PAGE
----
NOAA Teacher at Sea
Onboard NOAA Ship Oscar Elton Sette
May 9 – 23, 2006
Mission: Fisheries Survey
Geographical Area: Hawaiian Islands
Date: May 15, 2006
Weather Data from Bridge
Latitude: 28, 06.7 N
Longitude: 177, 21.3 W
Visibility: 10 Nm
Wind direction: 095
Wind speed: 17 kts
Sea wave heights: 2-3
Sea swell heights: 5-6
Seawater temperature: 23.2 C
Sea level pressure: 1027.2 Cloud cover: 3/8 Cumulus
Science and Technology Log
Today we hit Midway Atoll, the largest island we’ve visited so far. It is covered with tall Ironwood trees and has been well developed by the military. A large airstrip and an enclosed harbor can be seen on the approach. We docked at one of the two piers on the northeast side of the island. Midway is no longer a military base. It has been turned into a wildlife refuge. The park rangers came over to the boat and gave a briefing and rules of the island. I went for a walk on my own and did not see the Laysan duck because I did not have a guide to the restricted refuge area. Forty-three ducks from Laysan island were brought here one year ago and 40 have survived. They have also produced ducklings so the project is considered to be going well.
I did have a great time just moseying around taking pictures of odd and interesting man-made curiosities. There was a 12-foot gooney bird between two super huge canons in front of the bowling alley and mall. Everything had a ghost town sort of look, and there were birds everywhere as usual, but no people. I made my way to the famous seaplane hanger to get a picture of its bullet-riddled side, but the side had been removed. In another hanger I found the Midway Military Museum. It had been the airport arrival and departure area. There were two bombs at the gateway, one 6 feet and the other 20 feet. There were great paintings of aircraft, some in battle scenes. Everything was from the 1940s and being alone there kind of creeped me out. TWILIGHT ZONE.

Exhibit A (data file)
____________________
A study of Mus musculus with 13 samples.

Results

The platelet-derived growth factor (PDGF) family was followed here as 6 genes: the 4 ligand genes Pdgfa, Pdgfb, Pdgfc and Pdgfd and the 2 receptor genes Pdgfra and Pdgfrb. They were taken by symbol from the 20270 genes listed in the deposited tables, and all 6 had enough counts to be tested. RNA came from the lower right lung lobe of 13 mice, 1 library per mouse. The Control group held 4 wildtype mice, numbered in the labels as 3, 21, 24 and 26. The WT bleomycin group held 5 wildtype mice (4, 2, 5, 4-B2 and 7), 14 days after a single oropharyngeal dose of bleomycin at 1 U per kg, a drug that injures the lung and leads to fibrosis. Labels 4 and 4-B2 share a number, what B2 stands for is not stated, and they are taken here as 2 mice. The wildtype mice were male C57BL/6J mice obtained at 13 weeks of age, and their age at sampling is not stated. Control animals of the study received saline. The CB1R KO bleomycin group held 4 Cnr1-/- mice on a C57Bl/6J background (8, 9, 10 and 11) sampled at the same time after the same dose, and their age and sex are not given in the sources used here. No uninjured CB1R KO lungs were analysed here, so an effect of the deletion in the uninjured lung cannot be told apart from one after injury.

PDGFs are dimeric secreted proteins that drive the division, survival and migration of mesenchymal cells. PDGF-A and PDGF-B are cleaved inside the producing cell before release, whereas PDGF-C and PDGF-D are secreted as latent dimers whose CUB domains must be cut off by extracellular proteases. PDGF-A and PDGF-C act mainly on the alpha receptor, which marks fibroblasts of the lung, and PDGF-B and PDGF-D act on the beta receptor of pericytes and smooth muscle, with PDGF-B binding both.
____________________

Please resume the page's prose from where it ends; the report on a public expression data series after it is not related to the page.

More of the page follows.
I made my way to North Beach next to where we docked the ship. This beach is rated as one of the best four beaches in the world and it lives up to it. It’s about two miles long and the sand is blinding-white coral. The water is crystal clear and 3-5 feet deep for about a quarter mile out to sea. You can easily see the abundant fish swimming fearlessly by you, and any Tiger shark approach would give you fair warning. Even the sand is great because it is made of crushed coral and it stays cool. It is not silica sand. I was told that the fishing is great here, but it is catch and release because of sanitaria.
That evening the OSCAR SETTE had a great barbecue and the whole town was invited. I think there are only about 30 permanent residents. It is interesting that most of the help is from Thailand. I met a Thai artist who does sand-blasted glass illustrations. I showed him the bust of Chad Yoshinaga that I was doing and then he took me up to his home and showed me his artwork. I was very impressed with his wildlife and Buddhist images. He said he just does it to pass the time.
We spent the night at Midway and left at 7 a.m.